The Kimberley Process
Sierra Leone and the Kimberley Process Certification Scheme
With the burden of being the birthplace of the concept of "conflict diamonds", Sierra Leone carries the tremendous responsibility to its citizens and the international community to ensure that diamonds recovered from the alluvial river gravel deposits mined by the many artisanal mining licence holders, as well as those liberated from the hard rock kimberlite pipes and dykes by large-scale commercial, mechanised mining operations like Koidu Holdings, are not used to fund armed conflict anywhere in the world.
The Kimberley Process Certification Scheme (KPCS) was established in May 2000 to find a solution to the international problem of the trade in conflict diamonds, “which can be directly linked to the fuelling of armed conflict, the activities of rebel movements aimed at undermining or overthrowing legitimate governments, and the illicit traffic in, and proliferation of, armaments, especially small arms and light weapons”. The KPCS is an international certification scheme for rough diamonds, based on national laws and practices and meeting internationally agreed minimum standards.
The KPCS imposes extensive requirements on its members to enable them to certify shipments of rough diamonds as "conflict-free" and prevent conflict diamonds from entering the legitimate trade. Under the terms of the KPCS, participating States must meet ‘minimum requirements’ and must put in place national legislation and institutions; export, import and internal controls; and also commit to transparency and the exchange of statistical data. Participants can only legally trade with other participants who have also met the minimum requirements of the scheme, and international shipments of rough diamonds must be accompanied by a KP certificate guaranteeing that they are conflict-free.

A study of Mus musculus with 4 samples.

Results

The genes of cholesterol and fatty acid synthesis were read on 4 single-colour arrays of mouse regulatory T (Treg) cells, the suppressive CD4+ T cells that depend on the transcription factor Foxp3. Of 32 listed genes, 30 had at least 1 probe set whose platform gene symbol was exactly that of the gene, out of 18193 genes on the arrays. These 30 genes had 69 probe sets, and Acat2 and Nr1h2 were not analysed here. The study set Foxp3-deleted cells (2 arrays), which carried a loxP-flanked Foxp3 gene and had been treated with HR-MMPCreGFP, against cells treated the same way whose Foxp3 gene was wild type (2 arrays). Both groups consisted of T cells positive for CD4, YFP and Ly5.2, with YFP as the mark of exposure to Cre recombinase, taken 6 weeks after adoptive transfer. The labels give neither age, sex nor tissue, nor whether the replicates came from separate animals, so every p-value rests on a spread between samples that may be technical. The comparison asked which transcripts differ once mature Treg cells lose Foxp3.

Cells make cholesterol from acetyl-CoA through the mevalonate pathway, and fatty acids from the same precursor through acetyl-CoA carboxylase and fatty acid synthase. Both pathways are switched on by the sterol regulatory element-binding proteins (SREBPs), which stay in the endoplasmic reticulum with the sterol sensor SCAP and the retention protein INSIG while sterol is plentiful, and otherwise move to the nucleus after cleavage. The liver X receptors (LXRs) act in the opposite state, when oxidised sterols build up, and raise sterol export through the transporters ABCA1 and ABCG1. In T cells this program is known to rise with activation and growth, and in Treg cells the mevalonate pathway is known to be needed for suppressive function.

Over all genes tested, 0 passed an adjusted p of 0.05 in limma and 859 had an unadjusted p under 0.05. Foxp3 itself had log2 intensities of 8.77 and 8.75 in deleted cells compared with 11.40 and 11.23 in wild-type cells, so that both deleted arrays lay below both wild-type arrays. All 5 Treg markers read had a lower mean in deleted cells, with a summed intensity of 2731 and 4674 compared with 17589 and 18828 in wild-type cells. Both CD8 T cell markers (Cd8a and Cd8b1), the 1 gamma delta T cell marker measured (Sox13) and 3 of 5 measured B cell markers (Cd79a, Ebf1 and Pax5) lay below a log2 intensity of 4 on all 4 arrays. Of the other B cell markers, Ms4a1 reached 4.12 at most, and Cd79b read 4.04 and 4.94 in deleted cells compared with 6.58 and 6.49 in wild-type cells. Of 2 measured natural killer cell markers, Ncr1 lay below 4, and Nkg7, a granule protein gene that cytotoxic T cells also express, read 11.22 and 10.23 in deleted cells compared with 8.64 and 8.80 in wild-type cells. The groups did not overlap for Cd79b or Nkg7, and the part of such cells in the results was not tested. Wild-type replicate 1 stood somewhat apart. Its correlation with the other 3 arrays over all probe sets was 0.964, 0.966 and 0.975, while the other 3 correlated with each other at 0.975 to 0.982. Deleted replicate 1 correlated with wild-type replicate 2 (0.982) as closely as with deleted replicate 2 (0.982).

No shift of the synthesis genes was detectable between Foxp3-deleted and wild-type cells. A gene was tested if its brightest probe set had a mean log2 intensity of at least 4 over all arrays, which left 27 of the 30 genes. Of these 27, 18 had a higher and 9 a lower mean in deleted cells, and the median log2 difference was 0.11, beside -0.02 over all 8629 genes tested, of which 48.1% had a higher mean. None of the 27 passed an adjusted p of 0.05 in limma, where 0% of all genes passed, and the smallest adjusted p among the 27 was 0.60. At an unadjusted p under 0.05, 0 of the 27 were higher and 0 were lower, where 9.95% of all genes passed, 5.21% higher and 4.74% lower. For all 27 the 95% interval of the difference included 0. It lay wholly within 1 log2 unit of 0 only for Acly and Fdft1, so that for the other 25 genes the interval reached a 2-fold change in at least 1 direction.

As a participant in the Kimberley Process Certification Scheme, the Government of Sierra Leone has undertaken to implement the principles and internal controls recommended. The recommendation for control over diamond mines calls for participants “to ensure that prospecting and mining companies maintain effective security standards to ensure that conflict diamonds do not contaminate legitimate production”. All diamond mines around the world are required to have very strict access control. Koidu Holdings, with the support of the Government of Sierra Leone, are taking steps to continuously improve our compliance with the Kimberley Process.
These include having an extremely well controlled Chain of Custody, following the movement of our diamonds from each ore source through the mining, processing and export processes.